By Phil Mercer
17 December 2007

Australian Prime Minister Kevin Rudd has warned that NATO's anti-Taliban tactics in Afghanistan are not working. The newly elected leader said it is "critical" that security in the troubled country be stabilized. From Sydney, Phil Mercer reports.

Prime Minister Rudd issued his blunt warning to the NATO governments after a cabinet meeting in the capital, Canberra, on Monday.

The prime minister's message was similar to that made Sunday by his defense minister, Joel Fitzgibbon, who just returned to Australia from a meeting in Scotland with NATO defense ministers.

Fitzgibbon told an Australian newspaper that many NATO countries are not making a contribution in Afghanistan. He said the military effort in the country against the insurgent Taliban is winning battles, but not the support of the public.

NATO has about 33,000 troops in Afghanistan. Australia has about 1,000 there, making it one of the largest non-NATO contributor to anti-terrorism efforts in the country. Mr. Rudd says his government is committed to the campaign in Afghanistan, but a better approach is needed.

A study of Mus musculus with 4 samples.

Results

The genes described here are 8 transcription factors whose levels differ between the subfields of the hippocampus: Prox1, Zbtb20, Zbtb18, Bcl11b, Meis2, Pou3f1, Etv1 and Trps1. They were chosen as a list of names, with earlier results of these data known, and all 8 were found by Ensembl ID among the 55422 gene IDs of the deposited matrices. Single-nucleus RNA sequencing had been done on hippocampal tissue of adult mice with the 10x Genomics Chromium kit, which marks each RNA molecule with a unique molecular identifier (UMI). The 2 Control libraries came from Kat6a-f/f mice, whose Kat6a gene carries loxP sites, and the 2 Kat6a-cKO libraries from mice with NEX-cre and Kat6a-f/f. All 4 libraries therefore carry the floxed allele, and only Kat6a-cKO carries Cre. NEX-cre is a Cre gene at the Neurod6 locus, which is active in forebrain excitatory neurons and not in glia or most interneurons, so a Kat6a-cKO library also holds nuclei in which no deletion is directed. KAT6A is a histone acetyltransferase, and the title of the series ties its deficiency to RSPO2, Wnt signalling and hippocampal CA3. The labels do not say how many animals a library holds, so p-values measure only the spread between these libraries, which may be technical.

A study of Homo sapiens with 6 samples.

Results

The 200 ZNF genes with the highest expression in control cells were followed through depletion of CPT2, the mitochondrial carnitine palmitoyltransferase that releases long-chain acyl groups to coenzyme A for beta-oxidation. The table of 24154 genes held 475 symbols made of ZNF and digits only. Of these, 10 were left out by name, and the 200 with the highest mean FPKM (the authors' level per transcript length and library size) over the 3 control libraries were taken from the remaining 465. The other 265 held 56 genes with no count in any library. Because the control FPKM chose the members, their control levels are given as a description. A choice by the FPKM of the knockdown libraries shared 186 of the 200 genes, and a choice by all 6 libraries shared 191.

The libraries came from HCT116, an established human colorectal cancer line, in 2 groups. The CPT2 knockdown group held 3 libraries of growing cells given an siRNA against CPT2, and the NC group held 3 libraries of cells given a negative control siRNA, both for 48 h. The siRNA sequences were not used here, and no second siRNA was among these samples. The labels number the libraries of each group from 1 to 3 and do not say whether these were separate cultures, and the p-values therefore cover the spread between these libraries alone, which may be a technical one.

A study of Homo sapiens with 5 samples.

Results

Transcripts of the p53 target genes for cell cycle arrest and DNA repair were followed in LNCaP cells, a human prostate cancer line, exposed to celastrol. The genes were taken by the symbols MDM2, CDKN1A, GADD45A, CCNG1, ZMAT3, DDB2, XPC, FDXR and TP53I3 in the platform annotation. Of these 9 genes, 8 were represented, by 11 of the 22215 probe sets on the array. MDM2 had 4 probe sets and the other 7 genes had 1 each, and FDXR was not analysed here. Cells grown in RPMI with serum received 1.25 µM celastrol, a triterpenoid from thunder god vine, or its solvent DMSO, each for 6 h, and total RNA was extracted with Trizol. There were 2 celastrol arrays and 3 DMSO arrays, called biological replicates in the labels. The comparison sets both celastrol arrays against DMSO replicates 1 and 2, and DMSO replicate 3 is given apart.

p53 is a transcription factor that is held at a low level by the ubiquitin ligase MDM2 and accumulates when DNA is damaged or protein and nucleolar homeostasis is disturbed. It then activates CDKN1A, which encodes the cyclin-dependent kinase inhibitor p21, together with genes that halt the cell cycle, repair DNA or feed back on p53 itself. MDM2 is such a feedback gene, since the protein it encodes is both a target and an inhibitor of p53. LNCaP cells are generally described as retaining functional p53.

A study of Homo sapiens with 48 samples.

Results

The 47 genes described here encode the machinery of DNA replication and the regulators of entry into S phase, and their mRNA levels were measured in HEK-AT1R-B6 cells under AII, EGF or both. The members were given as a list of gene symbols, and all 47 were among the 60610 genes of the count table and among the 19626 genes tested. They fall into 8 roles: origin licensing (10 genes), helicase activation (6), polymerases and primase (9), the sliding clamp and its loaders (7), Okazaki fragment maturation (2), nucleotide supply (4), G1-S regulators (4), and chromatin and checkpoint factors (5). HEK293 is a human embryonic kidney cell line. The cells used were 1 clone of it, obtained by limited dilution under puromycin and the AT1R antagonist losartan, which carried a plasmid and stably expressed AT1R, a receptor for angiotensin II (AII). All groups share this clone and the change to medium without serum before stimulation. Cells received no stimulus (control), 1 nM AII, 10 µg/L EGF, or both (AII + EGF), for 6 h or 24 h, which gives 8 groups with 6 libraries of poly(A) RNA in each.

"We're there for the long haul and we made that very plain to our American ally and to our NATO partners, and the defense minister is also underlining a point which is necessary to make publicly, and that's we would encourage our NATO partners to do more when it comes to Afghanistan," he said.

Mr. Rudd made a special point about the dangers of increased opium production in Afghanistan, which now supplies about 90 percent of the world's heroin. He said the "narco-finance" from the heroin trade is spilling out to other countries.

Mr. Rudd announced his intention on being elected last month to withdraw Australia's 550 combat troops from Iraq by the middle of next year. He is also at odds with U.S. President George Bush over the question of climate change, feeling that more-urgent action is needed if global warming is to be halted.

Nevertheless, Mr. Rudd says he is committed to retaining Australia's traditionally strong alliance with the United States.

He has said he might increase the Australian contingent in Afghanistan once the withdrawal from Iraq has taken place, but only if the NATO countries increase their effort as well.